Heuser, Beatrice 1961-
HEUSER, Beatrice 1961-
Born March 15, 1961, in Bangkok, Thailand. Education: Bedford College (London, England), B.A., 1981; London School of Economics and Political Science (London, England), M.A., 1982; Oxford University, D.Phil., 1988.
Office—Military History Research Institute of the Bundeswehr, Zeppelinstr. 127/128, D-14471 Pottsdam, Germany.
University of Reims, Reims, France, lecturer, 1991; University of London, King's College, London, England, lecturer in war studies, 1991-2001, chair of international and strategic studies, 2001-2003; Military History Research Institute of the Bundeswehr, Potsdam, Germany, director of research, 2003—. Has served as a consultant to the British Ministry of Defense, the European Commission, and the North Atlantic Treaty Organization.
International Institute for Strategic Studies, British International Studies Association.
Fellow of MacArthur Foundation and Social Science Research Council in Paris, France and Munich, Germany, 1989-91.
Western "Containment" Policies in the Cold War: The Yugoslav Case, 1948-1953, Routledge & Kegan Paul (New York, NY), 1989.
(Editor) Nuclear Weapons and the Future of European Security, Brassey's for the Centre for Defence Studies (London, England), 1991.
(Editor) Securing Peace in Europe, 1945-62: Thoughts for the Post-Cold War Era, Macmillan, 1992.
Transatlantic Relations: Sharing Ideas and Costs, Cassell USA (New York, NY), 1996.
NATO, Britain, France and the FRG: Nuclear Strategies and Forces for Europe, 1949-2000, St. Martin's (New York, NY), 1997.
(Editor, with Cyril Buffet) Haunted by History: Myths in International Relations, Berghahn Books (Providence, RI), 1998.
Nuclear Mentalities?: Strategies and Belief in Britain, France, and the FRG, St. Martin's (New York, NY), 1998.
The Bomb: Nuclear Weapons in Their Historical, Strategic, and Ethical Context, Longman (New York, NY), 1999.
(Editor, with Anja V. Hartmann) War, Peace, and World Orders in European History, Routledge (New York, NY), 2001.
Reading Clausewitz, Pimlico (London, England), 2002.
Beatrice Heuser is a scholar of war and the complex political relations that both create and avoid it. She has served as a consultant to such international organizations as the North Atlantic Treaty Organization (NATO), and her research has revealed to the public some startling facts about how tenuous peace has been in the nuclear age. By digging through archived records and conducting interviews with military leaders, for example, she was able to show that a nuclear exchange almost occurred in Europe in 1983 as a result of a NATO exercise that greatly intimidated East Germany. Her published books have also helped clarify the problems that nuclear weapons have posed to peace negotiators, as well as showing how war has shaped the political landscape over the ages.
In NATO, Britain, France and the FRG: Nuclear Strategies and Forces for Europe, 1949-2000, Heuser questions "the credibility of nuclear deterrence," according to Tom Buchanan in English Historical Review. Here, the author explains how NATO struggled to maintain a balance between the Europeans and the Americans, who held differing views on how nuclear deterrence should work, and how strategically vulnerable West Germany became a political battleground between each side. Buchanan concluded that Heuser's book "expertly explores" these issues.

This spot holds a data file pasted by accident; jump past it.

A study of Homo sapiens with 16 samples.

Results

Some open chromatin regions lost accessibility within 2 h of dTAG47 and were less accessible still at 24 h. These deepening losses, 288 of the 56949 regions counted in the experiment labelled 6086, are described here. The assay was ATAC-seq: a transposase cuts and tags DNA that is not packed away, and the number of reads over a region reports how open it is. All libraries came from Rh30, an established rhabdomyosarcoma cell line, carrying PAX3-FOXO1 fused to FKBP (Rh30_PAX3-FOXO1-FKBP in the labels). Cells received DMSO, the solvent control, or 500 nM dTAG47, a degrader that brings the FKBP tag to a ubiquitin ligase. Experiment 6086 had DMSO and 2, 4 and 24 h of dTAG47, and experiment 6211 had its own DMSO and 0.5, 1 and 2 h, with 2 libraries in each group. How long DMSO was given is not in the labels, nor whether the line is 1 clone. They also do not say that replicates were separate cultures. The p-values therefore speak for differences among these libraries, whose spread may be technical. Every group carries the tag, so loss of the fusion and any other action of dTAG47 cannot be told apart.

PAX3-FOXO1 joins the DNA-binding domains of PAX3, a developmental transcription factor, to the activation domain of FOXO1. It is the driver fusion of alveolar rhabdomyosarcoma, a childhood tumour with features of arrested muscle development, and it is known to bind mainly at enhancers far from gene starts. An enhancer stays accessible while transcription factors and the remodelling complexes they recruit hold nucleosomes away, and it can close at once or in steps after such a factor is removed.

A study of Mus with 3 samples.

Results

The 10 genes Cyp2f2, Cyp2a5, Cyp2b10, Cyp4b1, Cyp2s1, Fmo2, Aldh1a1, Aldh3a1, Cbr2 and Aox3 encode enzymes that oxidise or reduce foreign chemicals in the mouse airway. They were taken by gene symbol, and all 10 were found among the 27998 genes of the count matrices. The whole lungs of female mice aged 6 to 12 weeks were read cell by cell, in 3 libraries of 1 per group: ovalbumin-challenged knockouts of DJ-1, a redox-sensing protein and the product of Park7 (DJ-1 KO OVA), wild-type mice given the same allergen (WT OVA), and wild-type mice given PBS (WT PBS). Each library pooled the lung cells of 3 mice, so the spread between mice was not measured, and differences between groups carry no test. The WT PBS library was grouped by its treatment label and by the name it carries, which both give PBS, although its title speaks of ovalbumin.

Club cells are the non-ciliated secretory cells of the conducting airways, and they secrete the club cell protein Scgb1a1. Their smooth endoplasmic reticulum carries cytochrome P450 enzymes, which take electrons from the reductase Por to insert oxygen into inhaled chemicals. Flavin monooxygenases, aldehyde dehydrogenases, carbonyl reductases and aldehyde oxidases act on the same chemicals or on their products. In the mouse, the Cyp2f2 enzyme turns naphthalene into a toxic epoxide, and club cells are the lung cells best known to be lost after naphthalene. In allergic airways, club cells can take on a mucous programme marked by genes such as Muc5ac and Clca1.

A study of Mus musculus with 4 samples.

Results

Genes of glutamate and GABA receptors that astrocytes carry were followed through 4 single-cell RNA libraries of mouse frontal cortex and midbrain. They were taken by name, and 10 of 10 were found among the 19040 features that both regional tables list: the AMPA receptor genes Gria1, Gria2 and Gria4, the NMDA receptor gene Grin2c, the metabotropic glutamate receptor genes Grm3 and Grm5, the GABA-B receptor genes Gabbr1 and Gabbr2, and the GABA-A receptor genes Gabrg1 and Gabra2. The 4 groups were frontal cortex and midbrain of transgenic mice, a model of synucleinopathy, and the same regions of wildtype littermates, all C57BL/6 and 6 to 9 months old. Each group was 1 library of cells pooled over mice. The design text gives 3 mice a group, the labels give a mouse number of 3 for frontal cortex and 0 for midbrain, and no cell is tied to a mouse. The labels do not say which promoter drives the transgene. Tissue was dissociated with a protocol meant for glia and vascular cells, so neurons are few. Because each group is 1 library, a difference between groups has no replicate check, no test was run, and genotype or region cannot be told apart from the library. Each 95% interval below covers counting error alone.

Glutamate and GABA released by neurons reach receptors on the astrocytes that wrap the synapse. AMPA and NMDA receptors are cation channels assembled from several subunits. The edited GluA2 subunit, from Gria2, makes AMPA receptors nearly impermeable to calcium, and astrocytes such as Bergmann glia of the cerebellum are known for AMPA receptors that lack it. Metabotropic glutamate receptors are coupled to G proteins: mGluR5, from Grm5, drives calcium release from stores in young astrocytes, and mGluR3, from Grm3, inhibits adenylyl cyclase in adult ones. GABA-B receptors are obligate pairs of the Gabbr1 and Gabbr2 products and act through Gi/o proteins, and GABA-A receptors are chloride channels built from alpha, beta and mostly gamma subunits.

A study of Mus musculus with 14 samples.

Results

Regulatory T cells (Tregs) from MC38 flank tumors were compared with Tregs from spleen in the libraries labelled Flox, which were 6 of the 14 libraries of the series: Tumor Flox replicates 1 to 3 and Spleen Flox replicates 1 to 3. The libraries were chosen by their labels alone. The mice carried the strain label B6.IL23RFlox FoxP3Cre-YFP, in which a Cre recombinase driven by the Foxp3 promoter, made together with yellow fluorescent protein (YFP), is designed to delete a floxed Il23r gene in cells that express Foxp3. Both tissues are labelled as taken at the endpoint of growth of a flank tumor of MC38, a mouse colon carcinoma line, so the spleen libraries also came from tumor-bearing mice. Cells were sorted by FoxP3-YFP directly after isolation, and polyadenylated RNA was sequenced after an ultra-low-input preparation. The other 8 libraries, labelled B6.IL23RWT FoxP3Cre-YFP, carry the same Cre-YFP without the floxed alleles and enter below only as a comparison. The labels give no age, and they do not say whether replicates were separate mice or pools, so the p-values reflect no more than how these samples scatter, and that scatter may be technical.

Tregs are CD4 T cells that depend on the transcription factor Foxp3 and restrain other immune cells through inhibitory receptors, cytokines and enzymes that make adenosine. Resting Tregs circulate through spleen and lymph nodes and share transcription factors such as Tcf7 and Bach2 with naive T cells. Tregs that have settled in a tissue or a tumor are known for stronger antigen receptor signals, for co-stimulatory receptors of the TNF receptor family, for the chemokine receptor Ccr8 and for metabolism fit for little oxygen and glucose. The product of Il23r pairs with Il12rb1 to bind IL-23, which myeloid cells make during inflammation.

Heuser has approached the subject of war more generally in her other books, such as in War, Peace and World Orders in European History, which she edited with Anja V. Hartmann. This collection of scholarly essays discusses changes in international relations all the way back to the Roman Empire and continuing on through the Middle Ages and the modern era. Heuser has also written a guide to the seminal book by Karl von Clausewitz, On War. Her Reading Clausewitz helps clarify why there are contradictions in Clausewitz's work (a change in philosophy caused him to rewrite much of the book) and that On War should be seen as a guide on "how to think about war rather than what to think," as Michael Howard reported in English Historical Review. Although Howard maintained that this conclusion is "hardly original," the reviewer concluded that Heuser's was a valuable contribution to researchers. In Times Literary Supplement Ian Beckett wrote that Heuser "makes a good case for the enduring significance of [Clausewitz's] identification of the essential building blocks to an understanding of conflict."
BIOGRAPHICAL AND CRITICAL SOURCES:
American Historical Review, October, 1991, Robin Alison Remington, review of Western "Containment" Policies in the Cold War: The Yugoslav Case, 1948-53, p. 1167.
Contemporary Review, January, 2002, review of War, Peace and World Orders in European History, p. 64; August, 2002, review of Reading Clausewitz, p. 123.
English Historical Review, February, 2000, Tom Buchanan, review of NATO, Britain, France and the FRG: Nuclear Strategies and Forces for Europe, 1949-2000, p. 263; November, 2002, Michael Howard, review of Reading Clausewitz, p. 1357.
International Affairs, July, 1992, Brian Thomas, review of Securing Peace in Europe, 1945-62: Thoughts for the Post-Cold War Era, p. 538; October, 1998, Trevor Salmon, review of NATO, Britain, France and the FRG, p. 927; January, 1999, Christopher Hill, review of Haunted by History: Myths in International Relations, p. 129, and Shaun Gregory, review of Nuclear Mentalities?: Strategies and Beliefs in Britain, France and the FRG, p. 151.
Survival, summer, 1998, Roberto Zadra, review of NATO, Britain, France and the FRG, p. 195.
Times Literary Supplement, February 14, 2003, Ian Beckett, "By Other Means," p. 26.